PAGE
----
Good old paper. If we were turning all this talk of books into the tale of the three little pigs, paper bindings would definitely play the part of the house of straw. (And that’s not just because paper can actually be made from straw). But paper can be surprisingly durable. Some of the most beautiful bindings are paper-based—which makes sense, as decorated papers were often made to resemble precious materials like marble, gold or rich fabrics.
We’ve already heard about marbled paper, which is often used for end papers. It is also used to cover books, often in conjunction with leather or cloth. Marbling was most likely developed in the East (in Japan it is known as sumingagashi). It was used by Persian bookbinders in the 16th century and had made its way to Europe by the 17th. To make marbled paper, colours are floated on top of a mucilaginous liquid or size (usually made from carragheen moss or gum tragacanth) and the paper is touched to the surface. Patterns are formed by drawing combs and other tools through the colours. There are veins, pebbles, waves and shells. Traditional patterns have names, such as PEACOCK, FANCY DUTCH, REVERSED NONPAREIL, SNAIL and ZEBRA. I’ve attended a marbling workshop; I cannot CONCEIVE how anyone can reliably reproduce the same pattern over and over again but I guess you just have to practice a lot.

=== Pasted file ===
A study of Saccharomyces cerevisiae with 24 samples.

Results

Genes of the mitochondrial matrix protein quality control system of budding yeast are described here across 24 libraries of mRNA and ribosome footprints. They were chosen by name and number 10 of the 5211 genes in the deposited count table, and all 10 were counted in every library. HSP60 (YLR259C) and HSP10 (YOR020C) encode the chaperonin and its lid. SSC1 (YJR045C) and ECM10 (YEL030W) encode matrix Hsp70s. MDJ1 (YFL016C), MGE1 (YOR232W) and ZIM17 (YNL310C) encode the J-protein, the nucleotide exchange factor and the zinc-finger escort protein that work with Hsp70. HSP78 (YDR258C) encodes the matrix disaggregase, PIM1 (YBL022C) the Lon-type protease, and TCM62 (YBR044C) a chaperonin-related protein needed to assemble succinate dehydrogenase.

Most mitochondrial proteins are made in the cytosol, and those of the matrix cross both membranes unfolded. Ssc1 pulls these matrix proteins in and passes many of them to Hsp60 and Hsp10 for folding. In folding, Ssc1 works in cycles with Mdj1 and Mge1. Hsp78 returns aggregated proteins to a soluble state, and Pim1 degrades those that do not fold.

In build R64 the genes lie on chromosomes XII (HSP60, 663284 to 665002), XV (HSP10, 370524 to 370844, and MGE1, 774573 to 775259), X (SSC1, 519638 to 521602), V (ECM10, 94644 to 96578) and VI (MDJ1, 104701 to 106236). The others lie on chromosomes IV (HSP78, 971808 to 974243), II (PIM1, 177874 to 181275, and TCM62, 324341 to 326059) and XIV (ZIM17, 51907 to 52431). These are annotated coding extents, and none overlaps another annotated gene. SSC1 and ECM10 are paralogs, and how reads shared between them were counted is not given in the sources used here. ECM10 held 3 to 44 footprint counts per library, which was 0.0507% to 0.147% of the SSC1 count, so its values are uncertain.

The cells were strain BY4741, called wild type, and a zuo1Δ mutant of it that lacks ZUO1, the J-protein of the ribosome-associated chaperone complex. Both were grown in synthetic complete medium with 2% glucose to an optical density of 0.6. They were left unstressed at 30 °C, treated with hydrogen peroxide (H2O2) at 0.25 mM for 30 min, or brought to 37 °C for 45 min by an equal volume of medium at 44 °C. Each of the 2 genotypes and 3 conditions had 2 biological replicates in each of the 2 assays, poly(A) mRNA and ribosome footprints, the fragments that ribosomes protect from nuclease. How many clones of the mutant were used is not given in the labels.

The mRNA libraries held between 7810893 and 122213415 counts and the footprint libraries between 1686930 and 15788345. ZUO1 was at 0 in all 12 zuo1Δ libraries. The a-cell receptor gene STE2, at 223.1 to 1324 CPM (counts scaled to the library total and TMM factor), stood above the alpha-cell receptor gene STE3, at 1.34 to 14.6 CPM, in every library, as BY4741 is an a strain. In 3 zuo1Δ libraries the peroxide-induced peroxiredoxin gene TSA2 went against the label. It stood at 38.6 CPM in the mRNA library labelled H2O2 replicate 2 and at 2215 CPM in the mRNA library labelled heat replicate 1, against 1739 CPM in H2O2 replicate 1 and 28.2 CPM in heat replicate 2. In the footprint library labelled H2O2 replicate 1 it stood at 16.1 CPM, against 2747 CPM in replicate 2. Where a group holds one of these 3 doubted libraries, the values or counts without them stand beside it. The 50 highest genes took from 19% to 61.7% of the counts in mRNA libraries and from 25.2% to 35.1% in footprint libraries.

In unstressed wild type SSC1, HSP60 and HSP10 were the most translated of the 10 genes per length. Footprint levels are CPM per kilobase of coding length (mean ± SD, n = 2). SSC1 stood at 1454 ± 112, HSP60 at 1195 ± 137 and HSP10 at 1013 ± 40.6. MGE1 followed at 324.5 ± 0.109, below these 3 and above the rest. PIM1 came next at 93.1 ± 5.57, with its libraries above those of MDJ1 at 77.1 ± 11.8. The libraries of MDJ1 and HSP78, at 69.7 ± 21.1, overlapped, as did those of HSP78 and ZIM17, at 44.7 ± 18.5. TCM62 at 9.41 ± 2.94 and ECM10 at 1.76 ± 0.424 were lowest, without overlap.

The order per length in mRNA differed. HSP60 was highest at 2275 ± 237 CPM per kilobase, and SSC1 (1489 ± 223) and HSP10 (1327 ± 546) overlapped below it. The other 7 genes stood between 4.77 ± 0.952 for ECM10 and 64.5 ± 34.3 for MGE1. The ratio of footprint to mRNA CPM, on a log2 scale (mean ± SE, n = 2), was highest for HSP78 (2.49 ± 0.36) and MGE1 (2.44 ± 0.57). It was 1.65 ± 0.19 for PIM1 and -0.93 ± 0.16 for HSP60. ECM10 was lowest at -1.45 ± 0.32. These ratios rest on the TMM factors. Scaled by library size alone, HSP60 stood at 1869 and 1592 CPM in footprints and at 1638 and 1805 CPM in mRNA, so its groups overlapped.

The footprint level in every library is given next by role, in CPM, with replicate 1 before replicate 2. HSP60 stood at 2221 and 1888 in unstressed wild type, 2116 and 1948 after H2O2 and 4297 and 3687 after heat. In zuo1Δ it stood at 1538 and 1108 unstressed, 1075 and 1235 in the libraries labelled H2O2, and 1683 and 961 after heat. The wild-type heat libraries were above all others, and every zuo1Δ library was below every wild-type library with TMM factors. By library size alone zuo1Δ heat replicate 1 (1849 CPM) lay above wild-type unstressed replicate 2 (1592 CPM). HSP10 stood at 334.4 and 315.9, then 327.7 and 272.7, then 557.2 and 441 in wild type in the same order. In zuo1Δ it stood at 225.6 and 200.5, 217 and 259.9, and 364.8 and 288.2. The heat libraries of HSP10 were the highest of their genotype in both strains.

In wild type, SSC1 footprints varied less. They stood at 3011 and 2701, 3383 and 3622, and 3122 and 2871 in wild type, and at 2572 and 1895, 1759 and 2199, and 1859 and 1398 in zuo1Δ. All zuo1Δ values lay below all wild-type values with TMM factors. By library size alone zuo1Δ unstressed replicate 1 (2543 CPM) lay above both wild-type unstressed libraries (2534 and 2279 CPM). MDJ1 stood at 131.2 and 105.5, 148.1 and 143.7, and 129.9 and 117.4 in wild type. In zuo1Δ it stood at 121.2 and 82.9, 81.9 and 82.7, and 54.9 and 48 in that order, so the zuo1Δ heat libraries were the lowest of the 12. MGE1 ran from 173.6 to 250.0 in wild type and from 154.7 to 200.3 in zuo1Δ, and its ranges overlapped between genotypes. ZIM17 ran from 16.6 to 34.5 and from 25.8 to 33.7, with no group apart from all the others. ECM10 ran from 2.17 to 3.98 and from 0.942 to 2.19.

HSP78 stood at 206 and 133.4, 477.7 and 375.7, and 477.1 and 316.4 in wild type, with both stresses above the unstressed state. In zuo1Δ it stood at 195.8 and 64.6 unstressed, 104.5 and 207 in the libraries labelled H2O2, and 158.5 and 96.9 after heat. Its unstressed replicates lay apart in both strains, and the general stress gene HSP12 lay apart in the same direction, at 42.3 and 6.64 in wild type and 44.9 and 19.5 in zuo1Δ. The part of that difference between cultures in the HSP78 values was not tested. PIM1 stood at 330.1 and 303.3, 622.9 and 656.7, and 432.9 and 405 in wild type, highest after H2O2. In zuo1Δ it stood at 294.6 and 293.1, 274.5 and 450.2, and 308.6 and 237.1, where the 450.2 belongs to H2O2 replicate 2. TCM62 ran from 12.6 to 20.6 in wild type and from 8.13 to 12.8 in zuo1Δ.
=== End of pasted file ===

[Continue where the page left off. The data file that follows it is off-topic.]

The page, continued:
Another decorated paper that was used a lot for bindings (and end papers) is paste paper. Coloured paste is applied to paper and designs created by pressing objects into the wet paste, or by using rollers, stamps and scrapers. After drying, the decorated paper is glazed. Paste papers were one of the earliest types of decorative paper and were used quite commonly from the 16th to the 18th centuries. I’ve done a paste paper workshop too; it is excellent fun (somewhat like fancy finger-painting) but to get anything that actually looks halfway decent is harder than you might think.
And there are all sort of other paper covering materials, many coated and embossed to give the appearance of leather. It can be block printed, pressed, glazed, varnished, dyed, flocked, gilt. Sometimes the paper needs no embellishments, as the fibres themselves are all the decoration it needs.